The Accelerator: Fast-tracking cancer research innovations

Arti B. Gaur, PhD in lab
Arti B. Gaur, PhD

The Dartmouth Innovations Accelerator for Cancer has quickly become a sought-after launching pad for research teams to pursue entrepreneurial support, education and infrastructure. It was in October 2020 that Dartmouth Cancer Center and Dartmouth’s Magnuson Center for Entrepreneurship joined forces to create the Accelerator platform.  

In its first year, the Accelerator attracted 17 teams made up of 41 faculty and students— “all eager to turn discoveries into life-changing treatments for cancer patients,” according to Steven D. Leach, MD, director of the Dartmouth Cancer Center and the Preston T. and Virginia R. Kelsey Chair in Cancer at the Geisel School of Medicine at Dartmouth.

With guidance from alumni and industry along with philanthropic generosity, Dartmouth cancer research can more easily advance through the development pipeline to commercialization.

Arti B. Gaur, PhD, assistant professor of neurology, and two graduate students won an award of $300,000 for a potential therapy to treat high-grade gliomas—the kind of brain tumor for which the median survival is only 14 months. The award will help fund a critical step toward clinical trials—large-scale pharmacology studies by an independent commercial lab.

“This award will help us get to the next phase, where we can potentially attract big money that will be needed for clinical trials,” Gaur said. “I have also seen my thought process evolve as a result of the Accelerator, to think in a more systematic, comprehensive way about bringing a new therapy or technology to patients.”

Here’s the list of 2021 Dartmouth Innovations Accelerator for Cancer award recipients:

$300,000 Award: Establishing a Safe, Effective Therapy for Brain Tumors

  • Project Leads: Arti Gaur, PhD, assistant professor of neurology, Geisel; and Jordan Isaacs, Guarini ’24, PhD student in the Cancer Biology Program
  • Innovation: To fund dose optimization and pharmacology studies for a new, Dartmouth-created highly selective anti-estrogen compound that targets brain tumors. The studies are necessary to enter clinical trials.

$100,000 Award: Solving MYC, the Most Wanted Target in Cancer

  • Project Leads: Michael Cole, PhD, professor of molecular and systems biology, Geisel; and Edmond J. Feris, Guarini ’19, research associate, NCCC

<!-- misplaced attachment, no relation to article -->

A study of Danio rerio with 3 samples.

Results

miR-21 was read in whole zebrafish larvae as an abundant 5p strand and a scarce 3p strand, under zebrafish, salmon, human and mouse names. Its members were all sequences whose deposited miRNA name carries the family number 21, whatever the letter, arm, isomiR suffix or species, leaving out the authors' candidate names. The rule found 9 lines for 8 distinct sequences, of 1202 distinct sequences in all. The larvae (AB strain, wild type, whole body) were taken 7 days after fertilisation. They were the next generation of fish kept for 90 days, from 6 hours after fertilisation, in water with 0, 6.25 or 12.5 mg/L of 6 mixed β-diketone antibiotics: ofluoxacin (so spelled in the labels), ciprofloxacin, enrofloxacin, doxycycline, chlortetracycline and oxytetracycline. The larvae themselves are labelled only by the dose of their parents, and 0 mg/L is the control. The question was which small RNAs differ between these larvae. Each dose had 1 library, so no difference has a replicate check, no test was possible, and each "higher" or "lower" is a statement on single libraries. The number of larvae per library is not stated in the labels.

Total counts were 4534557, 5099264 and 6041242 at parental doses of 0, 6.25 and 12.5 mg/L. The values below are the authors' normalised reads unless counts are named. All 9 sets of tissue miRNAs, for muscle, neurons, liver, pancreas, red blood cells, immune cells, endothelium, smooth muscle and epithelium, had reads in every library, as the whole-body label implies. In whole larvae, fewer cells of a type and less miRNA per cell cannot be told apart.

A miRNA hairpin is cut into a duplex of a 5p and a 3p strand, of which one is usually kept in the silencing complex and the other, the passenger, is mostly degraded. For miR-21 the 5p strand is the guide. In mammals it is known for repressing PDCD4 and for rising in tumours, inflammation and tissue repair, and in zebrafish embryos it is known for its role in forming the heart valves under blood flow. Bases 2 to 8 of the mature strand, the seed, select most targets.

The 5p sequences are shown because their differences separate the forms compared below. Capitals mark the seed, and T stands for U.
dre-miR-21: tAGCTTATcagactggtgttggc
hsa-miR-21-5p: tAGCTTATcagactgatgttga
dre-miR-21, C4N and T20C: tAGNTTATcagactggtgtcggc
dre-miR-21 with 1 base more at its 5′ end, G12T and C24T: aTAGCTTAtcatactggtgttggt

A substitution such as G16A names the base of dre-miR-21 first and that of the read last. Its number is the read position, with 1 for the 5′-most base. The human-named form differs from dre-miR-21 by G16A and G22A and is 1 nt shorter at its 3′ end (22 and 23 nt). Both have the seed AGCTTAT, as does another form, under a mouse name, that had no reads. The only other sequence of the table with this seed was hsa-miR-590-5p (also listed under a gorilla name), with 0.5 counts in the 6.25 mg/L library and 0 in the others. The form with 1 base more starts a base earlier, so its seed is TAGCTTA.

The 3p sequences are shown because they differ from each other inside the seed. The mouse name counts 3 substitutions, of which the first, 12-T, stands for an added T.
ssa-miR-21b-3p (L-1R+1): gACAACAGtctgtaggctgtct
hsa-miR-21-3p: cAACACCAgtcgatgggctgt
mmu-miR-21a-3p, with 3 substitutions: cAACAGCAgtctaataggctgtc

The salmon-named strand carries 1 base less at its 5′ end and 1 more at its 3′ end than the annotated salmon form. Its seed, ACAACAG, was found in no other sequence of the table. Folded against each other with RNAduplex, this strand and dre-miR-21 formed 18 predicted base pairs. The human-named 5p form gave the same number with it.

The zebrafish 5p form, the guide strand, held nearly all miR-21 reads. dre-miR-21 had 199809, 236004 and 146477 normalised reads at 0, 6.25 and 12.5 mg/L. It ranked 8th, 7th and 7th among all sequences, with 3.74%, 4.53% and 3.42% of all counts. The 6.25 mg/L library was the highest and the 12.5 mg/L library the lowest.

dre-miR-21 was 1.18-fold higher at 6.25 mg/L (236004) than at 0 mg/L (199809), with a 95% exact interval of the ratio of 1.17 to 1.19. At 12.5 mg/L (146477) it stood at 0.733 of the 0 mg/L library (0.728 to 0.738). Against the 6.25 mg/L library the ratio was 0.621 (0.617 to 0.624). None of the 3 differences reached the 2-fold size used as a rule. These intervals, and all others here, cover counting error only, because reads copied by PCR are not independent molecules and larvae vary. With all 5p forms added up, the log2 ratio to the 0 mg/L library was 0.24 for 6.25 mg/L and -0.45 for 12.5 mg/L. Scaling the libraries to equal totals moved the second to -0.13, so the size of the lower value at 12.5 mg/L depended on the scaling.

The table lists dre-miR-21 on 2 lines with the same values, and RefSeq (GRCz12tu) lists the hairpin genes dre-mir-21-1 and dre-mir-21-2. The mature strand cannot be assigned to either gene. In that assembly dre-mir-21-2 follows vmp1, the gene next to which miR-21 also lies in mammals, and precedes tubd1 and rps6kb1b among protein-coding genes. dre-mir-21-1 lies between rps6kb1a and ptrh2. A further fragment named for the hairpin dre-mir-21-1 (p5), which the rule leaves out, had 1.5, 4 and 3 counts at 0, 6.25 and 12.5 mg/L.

• Innovation: To fund the characterization of MYC inhibitors, which were identified by screening 50,000 compounds. MYC is a cancer-promoting gene prevalent in breast cancer, lung cancer, colon cancer, leukemia, lymphoma and melanoma

$50,000 Award: Barcoded-Antibody Library for In Vitro Engineering (B-ALIVE)

  • Project Leads: Jiwon Lee, the Ralph and Marjorie Crump, assistant professor of engineering, Thayer School of Engineering (Thayer); Seungmin Shin, PhD, post-doctoral fellow; and Nicholas Curtis, PhD candidate and National Science Foundation graduate fellow, Thayer.
  • The Innovation: To fund the development of a technology platform to enable more-accurate high-throughput screening of new, more-effective cancer drugs, specifically monoclonal antibodies.

10-week course

All teams participated in a 10-week course staffed by Dartmouth and two local biomedical companies. During the course, they learned about biomedical entrepreneurship and regulatory requirements. Teams created step-by-step plans for the development of innovations. Lessons involved:

  • Invention disclosures and patents.
  • Meetings with venture capital groups.
  • Discussions with private companies.
  • Networking with biomedical entrepreneurs and investors.

The Innovations Accelerator has attracted more than $3.5 million. Donors, alumni and parents from across Dartmouth have enthusiastically given of their time, expertise and financial support to establish a robust network of affiliated entrepreneurs, industry partners and investors. Their efforts are solving unmet needs in cancer care and will ultimately improve patients’ lives.

“When you look at the number of biotech start-ups that have spun out of our cancer center, it’s astounding,” says Leach. “The Accelerator builds on our culture of collaboration and innovation.”